Medicine and life
Seting out for distant horizons
I gave notice to leave my GP partnership on 31st March 2011.
It is fair to say that my partners were rendered speechless as they had not anticipated my leaving in any way. I had not fallen out with anyone and neither had there been any dramatic event or disaster to account for my decision. I transitioned in front of their eyes, from being a fully engaged clinician, trainer, county-wide commissioning co- lead for Diabetes services and effectively the executive partner within the practice, to announcing I wanted out of the whole kit and caboodle. It was a sign of how well they knew me that they didn’t try to talk me out of it and a testament to their integrity that they didn’t pursue their self-interest for the practice above providing me with support and encouragement.
The next three months passed quickly. I continued to participate in all practice activities, but inevitably, the sense of being an interested but increasingly distant onlooker grew. I found myself wondering if I would experience spontaneous episodic anxiety about the big change I was taking on, and how I could possibly manage it.
This lead to me cast about for a discreet, manageable project that I could engage with fairly easily, that would demonstrate to the change-anxious part of me, that by committing to a process, I could indeed effect transformation. I settled upon getting a Personal Trainer, to motivate me into getting some regular exercise. I figured that if I kept booking sessions and showing up, I would do the exercise and see the body-change and that would comfort me when the career-change blues showed up. In fact, the career-change blues really didn’t appear that whole summer- not once- not even when I went back to the practice to do a few days’ locum work, and I saw all the familiar patients and colleagues. From being cynical about Personal Training as an expensive alternative to just going out for a run, I have become an enthusiast: it takes out the need for self-motivation, which is the first casualty of a busy life, and it injects purpose and a companionable atmosphere to pushing myself out of my head and into my body.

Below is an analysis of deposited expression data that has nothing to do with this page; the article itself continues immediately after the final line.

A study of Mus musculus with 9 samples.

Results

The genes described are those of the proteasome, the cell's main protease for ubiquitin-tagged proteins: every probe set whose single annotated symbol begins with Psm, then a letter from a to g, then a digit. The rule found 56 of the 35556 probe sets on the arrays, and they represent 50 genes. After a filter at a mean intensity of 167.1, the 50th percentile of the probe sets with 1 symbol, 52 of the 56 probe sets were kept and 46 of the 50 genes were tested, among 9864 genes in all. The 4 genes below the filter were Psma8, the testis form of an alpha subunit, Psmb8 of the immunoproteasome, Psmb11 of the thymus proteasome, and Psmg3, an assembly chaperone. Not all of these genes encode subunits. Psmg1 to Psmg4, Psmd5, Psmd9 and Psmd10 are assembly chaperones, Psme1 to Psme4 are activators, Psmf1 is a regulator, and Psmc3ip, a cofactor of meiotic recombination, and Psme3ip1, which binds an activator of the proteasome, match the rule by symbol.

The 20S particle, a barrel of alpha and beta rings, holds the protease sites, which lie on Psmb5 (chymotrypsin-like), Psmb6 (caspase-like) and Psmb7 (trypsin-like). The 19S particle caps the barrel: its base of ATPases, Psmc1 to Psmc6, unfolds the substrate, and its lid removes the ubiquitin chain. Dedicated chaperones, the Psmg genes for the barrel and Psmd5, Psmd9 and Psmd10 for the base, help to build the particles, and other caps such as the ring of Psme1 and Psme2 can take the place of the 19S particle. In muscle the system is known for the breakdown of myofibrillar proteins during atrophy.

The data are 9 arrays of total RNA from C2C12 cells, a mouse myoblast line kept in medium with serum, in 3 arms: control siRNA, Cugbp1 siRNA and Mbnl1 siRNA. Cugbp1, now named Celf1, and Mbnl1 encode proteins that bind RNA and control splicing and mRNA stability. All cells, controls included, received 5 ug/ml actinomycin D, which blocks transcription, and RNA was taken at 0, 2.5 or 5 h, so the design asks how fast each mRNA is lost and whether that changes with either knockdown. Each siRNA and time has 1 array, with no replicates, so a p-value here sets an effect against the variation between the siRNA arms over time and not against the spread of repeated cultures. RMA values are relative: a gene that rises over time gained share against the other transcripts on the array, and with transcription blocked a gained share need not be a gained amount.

In a similar vein, I also decided to investigate meditation and mindfulness. I have always felt that I am the kind of person who does meditation... but I never have. I’m surprised that I don’t meditate, in a sort of watching myself happen kind of way –don’t you Anita? Oh no, I don’t, how odd! So when a colleague suggested a silent meditative retreat as a way of exploring myself at this important time in my life, I did a little research and signed up for a three day retreat in Devon, at the wonderful Gaia House.
I found the silence hugely liberating and could have kept it up for much longer. There was something monumentally comforting in seeing the same people sit and walk and eat with me for three days, but to know them only as physical presences, without a name or a history or a voice. When it was time to break silence over the closing Sunday lunch, I felt dismayed, as though my relationship with them would be contaminated by their personal narrative. Silence meant that no demands were made on me by others –no words to be listened to, no responses to be formulated, no judgements to be made. In reality, the spirit of mindfulness persisted beyond the silence being broken and everyone instinctively behaved gently to one another for the last few hours of the retreat.
The meditation was intense, with three hour cycles of 45 minutes of guided sitting meditation followed by 45 minutes of walking meditation, morning and evening, with more before breakfast and after supper. I found that I didn’t struggle to be busy with ‘doing meditation’, probably because I didn’t come to meditate at a time of trouble or great need in my life, but rather with an optimistic curiosity about mindfulness. I was able to ‘hold’ the sense of journey, to ‘sit with’ the momentary discomforts and to see what happened beyond those moments. Interestingly, I didn’t feel a sense of boredom at all. I did feel tired and physically uncomfortable, but was able to follow the process of recognising, acknowledging and separating away from these observations, rather than identifying myself wholly with them. I came home with a sense of calm and a quiet commitment to pursuing mindfulness in the small minutes of the days.
The other highlight of the summer was an amazing family holiday in Canada and California. We flew to Vancouver, then drove through Whistler and the Rockies, climbing glaciers, whitewater rafting and trekking black bears, then flew to stay with friends in their Sonoma Valley vineyard and family in suburban Modesto. It was the best holiday I have ever had, made possible largely by the huge number of hours that I spent on the computer Trip-Advisoring and googling everything before booking it from London. In fact the free upgrade we were offered on the plane journey out seemed rather symbolic of my feelings about life in general – what a way to start!